Who is most at risk in this heat? - WMBFNews.com, Myrtle Beach/Florence SC, Weather

Who is most at risk in this heat?

A local doctor talks about staying safe in the summer heat. (Source: WMBF News) A local doctor talks about staying safe in the summer heat. (Source: WMBF News)

MYRTLE BEACH, SC (WMBF) – As sweltering temperatures continue to impact the area, a local doctor explains why heat exhaustion and heat stroke require much more than a trip to the hospital.

“This is something you should not take lightly because you can cause major damage to major organ systems,” said Dr. Dennis Rhoades, the regional medical director for Doctors Care.

Rhoades urged people to think twice when the heat indices are so high for several days in a row.

“You have to worry about brain damage, kidney damage and especially if you're traveling from another part of the country and you're on certain medications," he said. "Certain medications make you more prone to heat exhaustion and heat stroke.”

Rhoades said examples of these medications would be diuretics for kidney problems or blood pressure, or if a person is on beta blockers. 

He added those who are the most susceptible to the heat are those who cannot cool themselves off and may already be more dehydrated than others.

“We are used to, when the sun goes down, the temperature cools down and we cool down. You know, we are in our houses, we're in our air conditioning," Rhoades said. "Someone who is homeless or someone who is elderly and doesn't have air conditioning or adequate air conditioning, the nights don't cool off which they haven't been. The heat remains hot.”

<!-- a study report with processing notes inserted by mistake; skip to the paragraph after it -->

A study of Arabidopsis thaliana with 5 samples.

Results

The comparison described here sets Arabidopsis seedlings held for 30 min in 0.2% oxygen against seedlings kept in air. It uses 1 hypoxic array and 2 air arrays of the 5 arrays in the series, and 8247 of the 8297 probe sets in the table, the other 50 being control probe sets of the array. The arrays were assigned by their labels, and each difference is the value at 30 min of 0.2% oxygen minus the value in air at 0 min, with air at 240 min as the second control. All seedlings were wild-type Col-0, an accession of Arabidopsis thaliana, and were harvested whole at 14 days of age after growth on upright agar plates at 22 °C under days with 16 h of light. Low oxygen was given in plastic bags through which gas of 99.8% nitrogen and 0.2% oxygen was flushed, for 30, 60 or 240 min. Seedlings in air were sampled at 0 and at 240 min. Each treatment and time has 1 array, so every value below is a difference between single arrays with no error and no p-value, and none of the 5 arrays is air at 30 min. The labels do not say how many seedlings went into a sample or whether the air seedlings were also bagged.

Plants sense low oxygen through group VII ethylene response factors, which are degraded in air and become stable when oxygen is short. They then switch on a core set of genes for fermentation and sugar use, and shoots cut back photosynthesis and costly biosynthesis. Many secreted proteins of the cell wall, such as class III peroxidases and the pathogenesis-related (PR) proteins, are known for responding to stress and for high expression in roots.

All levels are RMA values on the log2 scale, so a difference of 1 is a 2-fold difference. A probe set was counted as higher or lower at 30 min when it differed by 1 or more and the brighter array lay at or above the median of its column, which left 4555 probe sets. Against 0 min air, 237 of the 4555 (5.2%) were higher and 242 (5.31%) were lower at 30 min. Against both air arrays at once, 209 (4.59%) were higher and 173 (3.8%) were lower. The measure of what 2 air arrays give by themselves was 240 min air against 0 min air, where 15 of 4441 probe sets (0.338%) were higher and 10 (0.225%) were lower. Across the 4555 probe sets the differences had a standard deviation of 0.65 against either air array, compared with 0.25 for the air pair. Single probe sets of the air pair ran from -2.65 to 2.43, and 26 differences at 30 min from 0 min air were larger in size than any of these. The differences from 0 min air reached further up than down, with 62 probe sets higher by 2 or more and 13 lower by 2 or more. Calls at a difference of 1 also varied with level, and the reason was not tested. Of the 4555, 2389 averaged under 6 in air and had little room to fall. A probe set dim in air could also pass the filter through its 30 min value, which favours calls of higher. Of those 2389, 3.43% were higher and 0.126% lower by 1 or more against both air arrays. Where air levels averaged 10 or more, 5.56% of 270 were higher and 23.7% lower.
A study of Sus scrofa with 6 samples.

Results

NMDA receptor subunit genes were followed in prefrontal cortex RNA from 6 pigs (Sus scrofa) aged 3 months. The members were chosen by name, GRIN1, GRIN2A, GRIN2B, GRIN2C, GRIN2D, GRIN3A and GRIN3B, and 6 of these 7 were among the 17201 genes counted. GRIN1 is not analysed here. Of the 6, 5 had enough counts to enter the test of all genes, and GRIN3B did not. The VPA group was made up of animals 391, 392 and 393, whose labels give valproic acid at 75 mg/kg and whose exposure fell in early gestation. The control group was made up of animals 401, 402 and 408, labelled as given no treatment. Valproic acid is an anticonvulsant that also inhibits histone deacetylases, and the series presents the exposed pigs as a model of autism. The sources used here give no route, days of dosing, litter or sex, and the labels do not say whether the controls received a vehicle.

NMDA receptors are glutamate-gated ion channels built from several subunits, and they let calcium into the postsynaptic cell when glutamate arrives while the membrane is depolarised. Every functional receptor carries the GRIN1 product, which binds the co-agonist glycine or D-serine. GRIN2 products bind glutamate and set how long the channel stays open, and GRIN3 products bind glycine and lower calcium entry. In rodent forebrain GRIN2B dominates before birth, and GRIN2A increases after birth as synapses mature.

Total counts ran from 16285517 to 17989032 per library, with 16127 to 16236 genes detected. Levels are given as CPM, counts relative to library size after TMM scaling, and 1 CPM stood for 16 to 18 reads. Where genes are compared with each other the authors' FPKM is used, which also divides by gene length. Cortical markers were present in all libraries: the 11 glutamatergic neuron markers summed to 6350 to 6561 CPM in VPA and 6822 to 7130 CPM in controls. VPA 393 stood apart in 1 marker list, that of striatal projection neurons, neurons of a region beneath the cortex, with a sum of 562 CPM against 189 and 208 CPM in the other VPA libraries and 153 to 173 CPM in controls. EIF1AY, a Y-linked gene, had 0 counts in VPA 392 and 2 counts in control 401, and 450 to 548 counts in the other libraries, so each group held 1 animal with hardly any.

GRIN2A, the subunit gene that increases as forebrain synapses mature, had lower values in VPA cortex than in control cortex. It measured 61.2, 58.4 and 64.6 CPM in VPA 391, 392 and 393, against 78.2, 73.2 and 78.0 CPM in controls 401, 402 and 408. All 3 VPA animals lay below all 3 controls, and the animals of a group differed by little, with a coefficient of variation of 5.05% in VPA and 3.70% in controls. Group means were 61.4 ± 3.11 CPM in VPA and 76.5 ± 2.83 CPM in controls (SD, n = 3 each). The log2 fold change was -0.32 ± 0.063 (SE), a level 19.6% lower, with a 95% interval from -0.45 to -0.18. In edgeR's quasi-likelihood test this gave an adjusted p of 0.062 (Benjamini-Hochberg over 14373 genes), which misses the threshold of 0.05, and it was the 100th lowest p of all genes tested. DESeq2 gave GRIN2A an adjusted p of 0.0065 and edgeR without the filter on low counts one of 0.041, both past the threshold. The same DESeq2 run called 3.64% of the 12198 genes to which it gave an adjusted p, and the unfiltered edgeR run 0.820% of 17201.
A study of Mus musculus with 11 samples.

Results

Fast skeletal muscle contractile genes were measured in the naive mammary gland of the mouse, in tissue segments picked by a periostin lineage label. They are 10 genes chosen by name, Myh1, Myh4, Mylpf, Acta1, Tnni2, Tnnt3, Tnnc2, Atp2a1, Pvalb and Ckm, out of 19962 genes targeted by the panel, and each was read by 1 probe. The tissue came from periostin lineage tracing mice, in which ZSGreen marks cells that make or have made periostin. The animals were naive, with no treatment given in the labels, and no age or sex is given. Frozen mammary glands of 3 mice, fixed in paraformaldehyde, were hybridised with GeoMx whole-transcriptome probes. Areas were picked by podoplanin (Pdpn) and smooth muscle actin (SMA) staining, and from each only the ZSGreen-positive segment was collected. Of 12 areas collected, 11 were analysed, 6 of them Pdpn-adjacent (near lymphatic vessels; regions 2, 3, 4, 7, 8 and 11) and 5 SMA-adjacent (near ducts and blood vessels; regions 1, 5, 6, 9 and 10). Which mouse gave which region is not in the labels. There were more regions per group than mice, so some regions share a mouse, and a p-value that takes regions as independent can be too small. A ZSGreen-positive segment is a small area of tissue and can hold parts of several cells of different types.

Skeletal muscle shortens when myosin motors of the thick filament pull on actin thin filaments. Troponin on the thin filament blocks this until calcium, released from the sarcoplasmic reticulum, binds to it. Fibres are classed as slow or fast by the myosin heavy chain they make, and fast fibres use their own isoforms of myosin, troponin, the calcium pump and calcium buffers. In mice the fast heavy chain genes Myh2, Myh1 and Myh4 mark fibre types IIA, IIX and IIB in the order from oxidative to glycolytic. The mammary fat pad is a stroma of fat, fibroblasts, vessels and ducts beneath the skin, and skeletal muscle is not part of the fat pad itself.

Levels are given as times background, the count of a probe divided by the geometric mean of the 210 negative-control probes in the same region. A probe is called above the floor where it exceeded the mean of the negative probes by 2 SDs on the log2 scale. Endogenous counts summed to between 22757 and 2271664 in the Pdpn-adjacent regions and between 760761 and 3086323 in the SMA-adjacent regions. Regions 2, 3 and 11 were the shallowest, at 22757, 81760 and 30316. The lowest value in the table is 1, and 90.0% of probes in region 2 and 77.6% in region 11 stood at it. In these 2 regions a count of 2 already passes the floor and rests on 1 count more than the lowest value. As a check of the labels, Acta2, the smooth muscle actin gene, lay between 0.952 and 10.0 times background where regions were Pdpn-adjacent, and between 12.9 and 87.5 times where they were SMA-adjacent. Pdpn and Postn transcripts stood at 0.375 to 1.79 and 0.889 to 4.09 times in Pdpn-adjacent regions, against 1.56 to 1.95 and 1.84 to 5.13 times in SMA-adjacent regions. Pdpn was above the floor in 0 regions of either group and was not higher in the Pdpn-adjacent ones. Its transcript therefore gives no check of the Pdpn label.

He said this is why people can suffer from heat stroke in the middle of the night. 

With such a high heat index right now, homeless shelters like New Directions in Myrtle Beach are operating on a no-questions-asked and open-door policy.

However, Rhoades wants everyone to know when the proper time to call it quits.

“Alright, we've been on the beach for two, two-and-a-half hours. Let's get in somewhere where it's cool. Get something to eat, something to drink. We'll go back out for another hour or two," he said. "But to do three to four hours straight at the beach wouldn't be a good idea for anyone whether you're elderly or young.”

Rhoades stressed that people should seek help right away if a person goes from profusely sweating to not sweating at all. He suggested to take a cool shower or bath, as well as hydrate, right away.